No ‘squabbling’ with district’s team effort
PORTLAND — Pomfret town Supervisor Don Steger, in his exuberance, did not need a microphone. A podium had been set up for the speakers as part of the “Turn on the Tap” event that took place Wednesday morning in front of the blue water tower off Route 5.
He shrugged off the audio — and his voice carried. History was in the making. The long-awaited North County Water District was a reality.
“This has been a long time coming,” said Steger, who also serves as chair of the agency. “A lot of people have been involved with this to get to this point.”
As with any project in Chautauqua County, it was no easy task. Along the way — as always — there are the naysayers. They are those who do not want anything to do with a project that benefits so many and others in power who want to keep the status quo because of nothing more than pride.
In Jamestown, the Comedy Center has been called a game-changer. Within the last month, based on the big names who have been to the venue, it has already built a strong reputation from here to Hollywood.Reliable water won’t win national headlines, but it looms large to every local household that turns on the faucets each day and evening. It also matters to big business. On more than one occasion, Athenex officials — who are in the process of developing a new facility with the state off Route 5 — have indicated their enthusiasm for the district.
Richard Tobe, deputy director of state operations for special projects, also heaped plenty of praise. Speaking on behalf of the governor, he mentioned the significance of what was accomplished.
“There’s no doubt that sharing services saves money as this project will,” he said. Tobe then noted that if the water improvements were done by each municipality it would have cost close to $40 million. Since it was a team effort, with the district as one, the expense was closer to about $25 million with some of those costs picked up by the state.
There has been a tendency by some in this region to scoff at the notion of sharing between entities. They believe since the savings are minimal, it’s not worth it.
That’s baloney. People in households make decisions based on what the best bargain for their dollar is when it comes to personal choices. Why can’t it be the same for the governments we pay for?
Notably absent from the event was Fredonia. No elected official was there despite a recent interest indicated by the village in joining the effort.
That also got to a point Tobe noted, which certainly reflects on our small populace.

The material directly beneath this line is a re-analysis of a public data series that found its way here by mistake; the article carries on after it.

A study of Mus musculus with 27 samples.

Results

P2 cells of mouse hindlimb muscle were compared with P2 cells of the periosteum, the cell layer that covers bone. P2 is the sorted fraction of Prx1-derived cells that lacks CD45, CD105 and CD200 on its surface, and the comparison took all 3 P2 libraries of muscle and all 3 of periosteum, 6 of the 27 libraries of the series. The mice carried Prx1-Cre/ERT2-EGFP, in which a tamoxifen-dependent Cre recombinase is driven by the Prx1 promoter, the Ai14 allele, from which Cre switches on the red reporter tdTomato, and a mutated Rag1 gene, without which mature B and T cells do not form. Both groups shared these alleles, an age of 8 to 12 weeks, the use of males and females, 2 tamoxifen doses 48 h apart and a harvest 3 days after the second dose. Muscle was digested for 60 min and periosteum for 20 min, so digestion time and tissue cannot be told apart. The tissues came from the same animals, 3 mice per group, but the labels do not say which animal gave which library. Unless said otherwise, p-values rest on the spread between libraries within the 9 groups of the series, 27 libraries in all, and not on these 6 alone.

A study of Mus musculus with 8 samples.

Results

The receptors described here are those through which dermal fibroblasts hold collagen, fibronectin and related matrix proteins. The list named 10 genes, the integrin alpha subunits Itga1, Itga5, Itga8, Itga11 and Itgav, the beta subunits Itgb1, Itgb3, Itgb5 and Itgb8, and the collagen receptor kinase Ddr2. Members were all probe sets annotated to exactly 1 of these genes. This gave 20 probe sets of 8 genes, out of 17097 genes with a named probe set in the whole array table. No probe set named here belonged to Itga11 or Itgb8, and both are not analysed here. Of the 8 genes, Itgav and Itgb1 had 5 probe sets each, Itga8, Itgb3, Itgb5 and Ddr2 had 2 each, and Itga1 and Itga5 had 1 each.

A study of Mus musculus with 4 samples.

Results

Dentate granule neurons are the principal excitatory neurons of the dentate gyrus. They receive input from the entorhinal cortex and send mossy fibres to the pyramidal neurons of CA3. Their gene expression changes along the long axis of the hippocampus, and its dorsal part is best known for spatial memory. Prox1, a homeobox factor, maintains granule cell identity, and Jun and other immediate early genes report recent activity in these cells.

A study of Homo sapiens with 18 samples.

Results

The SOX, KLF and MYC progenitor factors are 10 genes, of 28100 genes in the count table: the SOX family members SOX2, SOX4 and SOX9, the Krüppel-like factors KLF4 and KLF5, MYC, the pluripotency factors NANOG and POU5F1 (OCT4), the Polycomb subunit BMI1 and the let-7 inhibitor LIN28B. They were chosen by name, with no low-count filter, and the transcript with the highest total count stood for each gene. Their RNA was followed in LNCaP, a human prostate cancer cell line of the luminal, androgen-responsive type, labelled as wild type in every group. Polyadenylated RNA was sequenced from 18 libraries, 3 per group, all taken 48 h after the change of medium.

For years, Fredonia has been on the outside looking in when it comes to shared projects. During the tenure of Mayor Michael Sullivan there was a proposal to share a court system with the town of Pomfret. That was squashed due to village revenue concerns. There has twice — in 2005 and 2016 — been discussions on a shared police facility between the village and city of Dunkirk. But when it comes time to put up or shut up, the village somehow believes the archaic facilities that its forces are currently stationed in are better than a new state-of-the-art building.
Consider the genesis of the first Italian Festival in the village. It was a fund-raiser for a new Fredonia police facility.
Just how much money was raised for a project that would likely cost more than $750,000? No one really indicated when we asked two years ago, which means that whatever was collected was probably less than posting bail for a $2,500 misdemeanor.
That is a template for false municipal pride — the thought we are better off than our neighbor.
According to Tobe, that is a dangerous outlook for any community to have in this era of governing. “You’re far more likely to get outside funding when you’re sharing with other governments than when you’re not,” he said. “No one wants to come in and provide funding to a community that’s squabbling. … When a community is in agreement, everybody wants to help. But when there’s squabbling, it’s way harder. Shared services helps bridge that gap, saying to outsiders, this community is ready to move forward.”
As the 30-minute ceremony ended and the lever was pulled to deliver water from Dunkirk to points west, former Brocton Mayor Dave Hazelton could be seen walking to his vehicle parked on Route 5. While all these district leaders, including Steger, Richard Purol of the town of Dunkirk, city Mayor Willie Rosas, Sheridan’s John Walker, County Executive George Borrello, former executive Vince Horrigan and current Brocton Mayor Richard Frost, have led the charge on the district, it is possible both Hazelton and Dan Schrantz, Portland town supervisor, had the most to lose and gain.
Hazelton decided against millions of dollars in improvements to the Brocton water plant years ago and becoming part of the district as a user. Schrantz, whose town relied on Brocton water, also consistently noted the importance and savings — to all partners — the effort brings.
On Wednesday, the district was no longer a pipe dream. Enthusiasm — and the water — after all this time was flowing.
John D’Agostino is the OBSERVER publisher. Send comments to email@example.com or call 366-3000, ext. 401.